Thunder Bay high school students get taste of Ukrainian culture
Grade 12 students were cooking up a storm at Sir Winston Churchill
A class of Grade 12 students at Sir Winston Churchill high school in Thunder Bay, Ont. got some expert coaching this week, as they learned to make a Ukrainian culinary staple.
Over several days, a group of volunteers from the Ukrainian community taught the students how to cook pyrohy (the Ukrainian term for pierogies) — a task that's as much an art as a science.
"Any true Ukrainian will tell you there is no specific recipe for making pyrohy," said Cheryl Bain, one of the volunteers.
"My mom is 96 and I used her recipe and it was all from her head."
The students spent Monday boiling potatoes and mixing them with cheese to make the filling. On Tuesday, they learned to make the dough, and pinch the pyrohy into their half-moon shape.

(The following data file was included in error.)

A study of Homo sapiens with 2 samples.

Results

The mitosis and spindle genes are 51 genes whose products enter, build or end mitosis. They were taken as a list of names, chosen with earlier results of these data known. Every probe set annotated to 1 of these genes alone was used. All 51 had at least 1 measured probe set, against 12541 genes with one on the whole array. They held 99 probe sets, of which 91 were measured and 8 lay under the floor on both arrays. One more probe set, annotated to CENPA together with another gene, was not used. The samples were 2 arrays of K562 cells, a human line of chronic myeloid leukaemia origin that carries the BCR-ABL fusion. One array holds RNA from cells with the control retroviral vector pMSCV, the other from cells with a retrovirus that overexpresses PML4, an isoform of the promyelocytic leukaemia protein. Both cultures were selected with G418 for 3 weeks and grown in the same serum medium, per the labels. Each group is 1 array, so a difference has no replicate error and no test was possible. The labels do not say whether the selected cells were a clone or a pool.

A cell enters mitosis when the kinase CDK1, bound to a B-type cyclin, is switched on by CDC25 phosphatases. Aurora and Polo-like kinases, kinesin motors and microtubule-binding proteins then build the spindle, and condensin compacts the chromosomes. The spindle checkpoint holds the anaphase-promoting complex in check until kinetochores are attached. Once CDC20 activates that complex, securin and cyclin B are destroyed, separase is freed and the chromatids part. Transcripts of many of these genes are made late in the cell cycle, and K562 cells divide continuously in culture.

"It's really obvious that there's a lot of care, and effort put into it, which is cool," said Chelsey Lokstet, who was working with a group of friends to carefully seal the dough around the filling.
The students were preparing about 40 dozen pyrohy, and on Thursday plan to cook them up, and share them with others in the school.
The fun event was organized to complement some more sombre lessons about Ukrainian history happening at the school this week.
On Thursday, the students will get a visit from an educational bus touring the country to raise awareness of the Holodomor, a state-sponsored famine that took place in Ukraine in the 1930s.
The bus will be parked at Sir Winston Churchill on Thursday, and will be open to the public from 3:30 to 7 p.m.